By SEAN MURPHY
OKLAHOMA CITY (AP) — Oklahoma is well positioned to become a leader in the unmanned aerial vehicle industry, with the possibility of nearly 600 new jobs and a $57.6 million economic impact by 2017, Gov. Mary Fallin and aerospace officials said Wednesday.
Citing details from an industry-commissioned study, Fallin said the state is projected to create 593 jobs from 2015 to 2017 after the Federal Aviation Administration completes a plan to integrate drones into U.S. airspace.
The study, which has not been released, was commissioned by the Association for Unmanned Vehicle Systems International and conducted by Darryl Jenkins, an aviation industry economist and former professor at Embry Riddle Aeronautical University.
“UAS represents one of the fastest growing segments of the aerospace industry, which already is an important part of the Oklahoma economy,” Fallin said. “We are taking the steps necessary to create an environment conducive to job creation and investment that also positions Oklahoma as a national leader in the advancement of UAS technology.”
Fallin’s secretary of technology, Stephen McKeever, said programs already have been developed at Oklahoma State University and the University of Oklahoma to train students in the field. And the U.S. Department of Homeland Security has established a test facility for unmanned aerial vehicles in Elgin that takes advantage of unrestricted air space at Fort Sill.
McKeever said several of Oklahoma’s top industries, including agriculture, oil and gas production, and weather research, also are prime targets for the commercial application of drones. He added that public safety agencies likely would be the first commercial consumers of the technology, which can be particularly useful in search-and-rescue operations and to survey disaster scenes after violent weather like tornadoes or flooding.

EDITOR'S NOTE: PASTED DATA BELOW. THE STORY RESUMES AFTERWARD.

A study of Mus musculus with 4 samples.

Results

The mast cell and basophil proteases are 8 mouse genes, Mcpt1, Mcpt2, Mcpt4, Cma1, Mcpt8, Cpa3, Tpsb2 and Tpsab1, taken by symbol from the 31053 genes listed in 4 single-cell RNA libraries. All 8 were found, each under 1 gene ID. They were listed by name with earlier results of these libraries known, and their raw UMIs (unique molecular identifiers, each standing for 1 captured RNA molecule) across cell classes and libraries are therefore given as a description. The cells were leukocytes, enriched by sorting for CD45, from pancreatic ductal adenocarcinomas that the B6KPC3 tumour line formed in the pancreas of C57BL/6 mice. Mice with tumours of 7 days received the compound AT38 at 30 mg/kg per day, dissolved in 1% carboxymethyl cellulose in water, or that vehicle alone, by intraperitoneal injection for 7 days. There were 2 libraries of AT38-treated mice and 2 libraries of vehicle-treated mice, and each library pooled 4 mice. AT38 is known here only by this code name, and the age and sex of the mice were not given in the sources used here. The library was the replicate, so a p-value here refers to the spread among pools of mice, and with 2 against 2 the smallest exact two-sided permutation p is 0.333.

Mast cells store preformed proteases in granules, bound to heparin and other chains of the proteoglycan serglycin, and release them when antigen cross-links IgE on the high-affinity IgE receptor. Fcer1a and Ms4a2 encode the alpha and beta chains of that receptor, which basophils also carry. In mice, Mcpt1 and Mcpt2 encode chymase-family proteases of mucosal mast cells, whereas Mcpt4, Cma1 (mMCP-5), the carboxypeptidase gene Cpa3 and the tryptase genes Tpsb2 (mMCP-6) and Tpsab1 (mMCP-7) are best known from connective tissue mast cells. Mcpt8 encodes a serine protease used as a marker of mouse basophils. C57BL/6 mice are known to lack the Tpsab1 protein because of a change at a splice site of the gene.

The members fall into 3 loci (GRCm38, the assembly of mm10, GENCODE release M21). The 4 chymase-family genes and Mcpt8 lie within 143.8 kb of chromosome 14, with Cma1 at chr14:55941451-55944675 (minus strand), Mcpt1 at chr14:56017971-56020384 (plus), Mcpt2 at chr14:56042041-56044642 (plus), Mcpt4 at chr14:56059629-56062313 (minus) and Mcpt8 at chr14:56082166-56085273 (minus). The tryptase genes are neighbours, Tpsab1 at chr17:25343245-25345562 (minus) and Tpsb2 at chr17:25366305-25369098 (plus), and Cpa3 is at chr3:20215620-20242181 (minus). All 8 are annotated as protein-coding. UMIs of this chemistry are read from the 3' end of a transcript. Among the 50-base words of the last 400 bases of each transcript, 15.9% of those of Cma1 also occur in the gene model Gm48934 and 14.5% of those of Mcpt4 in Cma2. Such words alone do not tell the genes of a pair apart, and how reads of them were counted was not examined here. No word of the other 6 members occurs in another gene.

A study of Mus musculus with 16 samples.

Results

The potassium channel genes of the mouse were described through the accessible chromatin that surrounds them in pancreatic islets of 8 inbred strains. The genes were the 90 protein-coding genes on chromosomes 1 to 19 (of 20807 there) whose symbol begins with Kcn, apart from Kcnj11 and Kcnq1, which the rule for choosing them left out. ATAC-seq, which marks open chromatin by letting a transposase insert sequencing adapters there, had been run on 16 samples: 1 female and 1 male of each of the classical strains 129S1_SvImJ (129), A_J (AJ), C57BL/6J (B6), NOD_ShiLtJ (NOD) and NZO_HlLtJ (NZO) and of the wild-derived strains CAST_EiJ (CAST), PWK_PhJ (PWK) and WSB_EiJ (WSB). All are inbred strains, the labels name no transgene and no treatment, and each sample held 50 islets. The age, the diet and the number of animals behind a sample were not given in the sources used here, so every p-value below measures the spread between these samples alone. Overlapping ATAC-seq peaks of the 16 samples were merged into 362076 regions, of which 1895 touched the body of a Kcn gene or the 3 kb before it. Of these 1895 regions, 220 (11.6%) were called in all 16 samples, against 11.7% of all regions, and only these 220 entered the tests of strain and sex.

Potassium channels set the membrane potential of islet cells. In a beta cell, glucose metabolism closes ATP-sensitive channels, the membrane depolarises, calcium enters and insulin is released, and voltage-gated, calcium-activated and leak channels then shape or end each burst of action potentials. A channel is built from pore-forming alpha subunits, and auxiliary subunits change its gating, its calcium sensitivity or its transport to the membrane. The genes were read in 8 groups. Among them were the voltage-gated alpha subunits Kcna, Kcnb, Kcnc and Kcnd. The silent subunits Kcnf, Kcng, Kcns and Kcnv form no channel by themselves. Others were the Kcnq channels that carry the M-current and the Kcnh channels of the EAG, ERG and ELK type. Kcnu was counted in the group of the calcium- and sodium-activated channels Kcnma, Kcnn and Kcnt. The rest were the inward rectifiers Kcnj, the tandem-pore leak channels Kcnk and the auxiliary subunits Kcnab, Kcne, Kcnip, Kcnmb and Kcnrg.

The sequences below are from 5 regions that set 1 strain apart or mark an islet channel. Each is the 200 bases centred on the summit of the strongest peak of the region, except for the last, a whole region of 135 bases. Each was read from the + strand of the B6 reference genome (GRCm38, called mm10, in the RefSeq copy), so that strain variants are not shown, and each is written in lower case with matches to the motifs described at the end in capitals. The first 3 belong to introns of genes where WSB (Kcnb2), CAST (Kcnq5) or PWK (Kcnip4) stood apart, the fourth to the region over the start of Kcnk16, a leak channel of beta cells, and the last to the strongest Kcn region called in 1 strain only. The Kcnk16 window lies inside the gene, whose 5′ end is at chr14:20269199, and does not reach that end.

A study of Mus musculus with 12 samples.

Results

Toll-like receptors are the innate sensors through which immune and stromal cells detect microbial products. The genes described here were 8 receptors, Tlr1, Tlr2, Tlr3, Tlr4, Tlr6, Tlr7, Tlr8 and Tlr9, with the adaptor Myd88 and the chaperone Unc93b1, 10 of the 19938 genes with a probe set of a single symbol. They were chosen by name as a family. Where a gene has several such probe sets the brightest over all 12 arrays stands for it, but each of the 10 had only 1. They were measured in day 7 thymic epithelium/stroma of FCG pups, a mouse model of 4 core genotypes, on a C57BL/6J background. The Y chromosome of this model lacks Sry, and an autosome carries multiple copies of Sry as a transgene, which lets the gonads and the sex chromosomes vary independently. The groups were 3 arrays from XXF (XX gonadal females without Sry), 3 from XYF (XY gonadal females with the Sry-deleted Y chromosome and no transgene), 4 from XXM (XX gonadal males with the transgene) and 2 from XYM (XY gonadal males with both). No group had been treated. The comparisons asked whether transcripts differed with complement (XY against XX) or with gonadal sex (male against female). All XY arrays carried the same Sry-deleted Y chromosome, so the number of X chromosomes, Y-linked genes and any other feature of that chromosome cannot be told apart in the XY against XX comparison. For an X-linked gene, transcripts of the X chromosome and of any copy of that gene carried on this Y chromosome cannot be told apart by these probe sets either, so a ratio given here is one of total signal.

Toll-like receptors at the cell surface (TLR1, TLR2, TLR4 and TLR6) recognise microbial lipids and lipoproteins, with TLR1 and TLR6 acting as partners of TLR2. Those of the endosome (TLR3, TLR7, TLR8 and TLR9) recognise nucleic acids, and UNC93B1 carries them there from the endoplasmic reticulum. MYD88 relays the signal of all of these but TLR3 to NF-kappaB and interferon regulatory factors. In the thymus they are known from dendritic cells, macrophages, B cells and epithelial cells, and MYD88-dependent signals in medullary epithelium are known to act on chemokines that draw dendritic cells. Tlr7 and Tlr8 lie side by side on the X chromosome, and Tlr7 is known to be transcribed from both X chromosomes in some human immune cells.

But there are some skeptics who worry the law enforcement applications of unmanned aerial vehicles and how they could be used to monitor citizens.
Ryan Kiesel, the executive director of the American Civil Liberties Union’s Oklahoma chapter, said he is working with lawmakers to develop restrictions on how law enforcement can use drones.
“While there are plenty of good uses for domestic drones, like searching for a missing child in the woods, we anticipate that outside of those emergency situations, that law enforcement should be required to get a probable cause warrant before they use these for surveillance purposes,” Kiesel said. “While the industry in and of itself and the use of drones isn’t problematic across the board, I think that it would be wise of the Legislature to take a look at this issue and put some privacy protections in place now rather than waiting until law enforcement have acquired drones and are using them in Oklahoma.”
McKeever said surveillance is not a primary application for law enforcement, but he acknowledged that there are some legitimate concerns about how the drones can be used.
“We take this issue very seriously, and I think these are very reasonable concerns that any reasonable citizen would raise,” he said.
Fallin also said she would not be opposed to putting in place policies that protect the privacy of individual citizens.
“First and foremost, we’re not interested in spying on anyone, and we’re going to do everything we can to protect the privacy and security of individuals in our state,” she said.